Date of Presentation

5-2-2019 12:00 AM

College

School of Osteopathic Medicine

Poster Abstract

Antegrade placement of ureteral stents is common after nephrostomy tube placement for obstruction in the septic patient and when retrograde placement fails. Ureteral stents have a nylon retaining suture attached to aid in placement. If left in place accidentally, these will not degrade and will become embedded in the renal parenchyma preventing stent removal and potentially leading to infection and stone formation. Ureteroscopic holmium ablation of the residual suture at the level of the parenchyma allows for stent removal and no urothelial defect was noted on repeat ureteroscopy 3 weeks later. Ureteroscopy with holmium lasering of retained suture appears safe for removal of retained stents with no symptoms related to suture left in the renal parenchyma and no visible defect seen on follow-up renoscopy.

Keywords

ureteral obstruction, ureteroscopy, holmium ablation, ureteral stent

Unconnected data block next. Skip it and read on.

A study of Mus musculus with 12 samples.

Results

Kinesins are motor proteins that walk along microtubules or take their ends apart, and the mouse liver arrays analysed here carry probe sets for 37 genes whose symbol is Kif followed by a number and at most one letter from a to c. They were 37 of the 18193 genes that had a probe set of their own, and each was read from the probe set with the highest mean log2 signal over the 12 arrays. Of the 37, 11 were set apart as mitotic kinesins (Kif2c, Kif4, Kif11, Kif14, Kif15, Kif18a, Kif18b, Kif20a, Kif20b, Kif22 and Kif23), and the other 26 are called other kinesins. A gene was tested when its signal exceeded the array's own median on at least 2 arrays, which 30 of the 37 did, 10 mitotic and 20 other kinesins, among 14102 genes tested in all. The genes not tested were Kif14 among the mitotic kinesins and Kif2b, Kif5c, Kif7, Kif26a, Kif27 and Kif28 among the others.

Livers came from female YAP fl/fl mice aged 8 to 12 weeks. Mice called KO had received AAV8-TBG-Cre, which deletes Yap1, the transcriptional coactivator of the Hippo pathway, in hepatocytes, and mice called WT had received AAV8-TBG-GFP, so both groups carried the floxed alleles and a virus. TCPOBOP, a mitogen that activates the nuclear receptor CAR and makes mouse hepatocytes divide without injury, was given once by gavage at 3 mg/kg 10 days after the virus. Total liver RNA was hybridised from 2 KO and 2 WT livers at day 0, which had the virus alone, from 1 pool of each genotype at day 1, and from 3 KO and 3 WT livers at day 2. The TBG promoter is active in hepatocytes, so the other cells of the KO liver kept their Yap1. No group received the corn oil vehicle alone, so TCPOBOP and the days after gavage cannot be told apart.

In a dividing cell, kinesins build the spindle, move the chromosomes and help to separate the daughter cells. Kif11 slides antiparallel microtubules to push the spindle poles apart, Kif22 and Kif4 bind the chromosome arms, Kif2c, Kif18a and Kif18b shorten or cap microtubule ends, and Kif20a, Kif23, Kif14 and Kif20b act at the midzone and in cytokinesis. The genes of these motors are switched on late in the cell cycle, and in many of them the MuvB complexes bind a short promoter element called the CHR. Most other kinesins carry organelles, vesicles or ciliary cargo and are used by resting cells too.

Disciplines

Medicine and Health Sciences | Nephrology

Included in

Nephrology Commons


Case Report: Holmium Laser Removal of Antegrade Ureteral Stent Suture via Ureteroscopy

Antegrade placement of ureteral stents is common after nephrostomy tube placement for obstruction in the septic patient and when retrograde placement fails. Ureteral stents have a nylon retaining suture attached to aid in placement. If left in place accidentally, these will not degrade and will become embedded in the renal parenchyma preventing stent removal and potentially leading to infection and stone formation. Ureteroscopic holmium ablation of the residual suture at the level of the parenchyma allows for stent removal and no urothelial defect was noted on repeat ureteroscopy 3 weeks later. Ureteroscopy with holmium lasering of retained suture appears safe for removal of retained stents with no symptoms related to suture left in the renal parenchyma and no visible defect seen on follow-up renoscopy.